How to fight fairly

Fair fighting is a way to resolve conflict effectively.

How to fight fairly

Is there a way to fight fairly? Yes, there is! Resolving conflicts with positive communication can bring people closer together and make relationships stronger. Below is one way you can begin to learn how to deal with conflict fairly, as well as teach those close to you how to fight fair. This works best in close relationships, such as those involving parents, partners, spouses, children, other family members or roommates. Begin by setting some time to explain conflict resolution to everyone in the household. Each person needs to be willing to follow the steps and a chance to practice.

  • Start with an agreement - Agree that conflicts exist in order to reach common ground at the end of the disagreement. Therefore, trust, love, respect, caring and kindness are key elements in every disagreement.
  • Stop and think - The next time you find yourself arguing with someone close to you, stop and think about your anger threshold, that point at which you know you are losing it. This is the point at which you can most effectively make changes. At lower levels of frustration, we are all capable of some self-control.
  • Code word - Choose a code word for anger thresholds. All household members must agree to respect the code word. You can call the code word yourself, if your own anger has reached your threshold or somebody else can call the code word, if they see anger rising in you or in someone else. Give everyone a chance to practice using the code word. For example, “I am calling a time out”.
  • Calm down - When someone calls the code, everyone must stop talking and moving for one minute. During that one minute, everyone should try to relax physically and think calming thoughts. Be a model of calm.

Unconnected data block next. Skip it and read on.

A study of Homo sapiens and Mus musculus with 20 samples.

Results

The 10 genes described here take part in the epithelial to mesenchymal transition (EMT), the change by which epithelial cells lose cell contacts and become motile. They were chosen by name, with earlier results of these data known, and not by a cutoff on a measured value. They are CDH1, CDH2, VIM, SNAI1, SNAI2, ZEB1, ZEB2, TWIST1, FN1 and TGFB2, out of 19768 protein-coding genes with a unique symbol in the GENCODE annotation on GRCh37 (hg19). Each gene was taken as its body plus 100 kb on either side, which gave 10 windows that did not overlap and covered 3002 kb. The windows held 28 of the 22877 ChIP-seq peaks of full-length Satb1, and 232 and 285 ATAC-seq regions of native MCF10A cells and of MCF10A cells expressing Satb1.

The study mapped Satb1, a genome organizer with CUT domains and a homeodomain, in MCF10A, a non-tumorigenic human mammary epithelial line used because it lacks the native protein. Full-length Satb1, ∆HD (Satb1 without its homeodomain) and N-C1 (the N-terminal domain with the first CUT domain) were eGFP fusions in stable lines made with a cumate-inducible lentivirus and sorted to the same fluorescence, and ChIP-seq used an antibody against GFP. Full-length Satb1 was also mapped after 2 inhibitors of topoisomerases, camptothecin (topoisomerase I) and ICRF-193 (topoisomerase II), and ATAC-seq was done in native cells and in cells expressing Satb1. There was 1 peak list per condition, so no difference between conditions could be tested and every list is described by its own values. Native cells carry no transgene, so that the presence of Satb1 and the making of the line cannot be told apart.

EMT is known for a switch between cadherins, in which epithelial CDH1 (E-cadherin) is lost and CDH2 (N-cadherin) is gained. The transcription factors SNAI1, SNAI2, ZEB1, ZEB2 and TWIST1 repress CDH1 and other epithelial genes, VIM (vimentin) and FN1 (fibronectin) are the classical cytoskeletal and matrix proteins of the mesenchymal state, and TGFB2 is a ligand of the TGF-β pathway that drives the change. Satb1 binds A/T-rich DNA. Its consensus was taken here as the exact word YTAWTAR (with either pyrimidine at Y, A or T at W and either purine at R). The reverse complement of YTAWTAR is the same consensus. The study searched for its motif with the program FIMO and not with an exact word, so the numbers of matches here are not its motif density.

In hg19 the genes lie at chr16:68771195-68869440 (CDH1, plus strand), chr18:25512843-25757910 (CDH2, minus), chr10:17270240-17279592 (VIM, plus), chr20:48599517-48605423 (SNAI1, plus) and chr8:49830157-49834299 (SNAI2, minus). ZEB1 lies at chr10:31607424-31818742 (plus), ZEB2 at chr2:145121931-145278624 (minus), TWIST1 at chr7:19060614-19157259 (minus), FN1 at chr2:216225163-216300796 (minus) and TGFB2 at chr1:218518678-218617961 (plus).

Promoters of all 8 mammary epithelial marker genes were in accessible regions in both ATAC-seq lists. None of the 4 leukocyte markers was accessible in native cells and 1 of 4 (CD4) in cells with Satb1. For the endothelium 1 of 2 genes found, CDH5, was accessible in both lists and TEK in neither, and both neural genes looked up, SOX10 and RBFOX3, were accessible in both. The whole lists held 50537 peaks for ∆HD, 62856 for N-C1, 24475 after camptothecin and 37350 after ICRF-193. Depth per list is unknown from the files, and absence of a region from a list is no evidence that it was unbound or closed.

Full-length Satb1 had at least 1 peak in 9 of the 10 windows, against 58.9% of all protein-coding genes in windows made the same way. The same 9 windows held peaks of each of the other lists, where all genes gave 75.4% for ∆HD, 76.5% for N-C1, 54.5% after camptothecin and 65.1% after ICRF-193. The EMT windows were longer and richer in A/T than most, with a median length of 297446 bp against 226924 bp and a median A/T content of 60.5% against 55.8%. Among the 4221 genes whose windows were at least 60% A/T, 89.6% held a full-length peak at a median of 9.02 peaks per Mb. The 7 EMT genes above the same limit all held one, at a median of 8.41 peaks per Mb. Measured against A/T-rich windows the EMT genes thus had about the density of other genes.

• Come back and try again - Once everyone is calm, discuss the problem using “I statements”. At the end of one minute, someone can ask, “Are we calm enough to talk?” If everyone answers “yes,” you can start to work on a solution together. You may decide that more time is needed to calm down. If that is the case, each person needs to go to a separate place for some quiet time.
  • Be specific - Individuals need to be specific about what is bothering you. Accept statements and try to understand them for what they mean.
  • Keep the issue in the present - Do not bring up previous incidences, pervious fights, actions, inactions or behavior which have nothing to do with the topic of the current fight. No one can fix an always or never situation such as,“you have always been stubborn” or “you never listen to me.”
  • Use respectful language - No name calling, swearing, insults, threats or intimidation. This creates an atmosphere of distrust, more anger and vulnerability.
  • Use calm voice - No raising your voice and dominating the conversation. Do not attempt to control by out-shouting or making more noise to drive home a point.
  • Name it to tame it - Always acknowledge the other’s basic feelings. For example, “I understand you are feeling frustrated right now, and I am glad you shared that.”

In the end of a fight or conflict, the ultimate goals is for individuals involved to come away feeling respected, understood and committed to change some behavior that may be irritating or difficult for another to accept. Compromise is always a win-win resolution to conflict.

With some or all of these guidelines in place, conflicts will become less destructive and with more constructive expression of anger.

Michigan State University Extension offers RELAX: Alternative to Anger throughout the state as well as other great education programming for parents, caregivers and adults working with teens. Go to http://msue.anr.msu.edu for more information.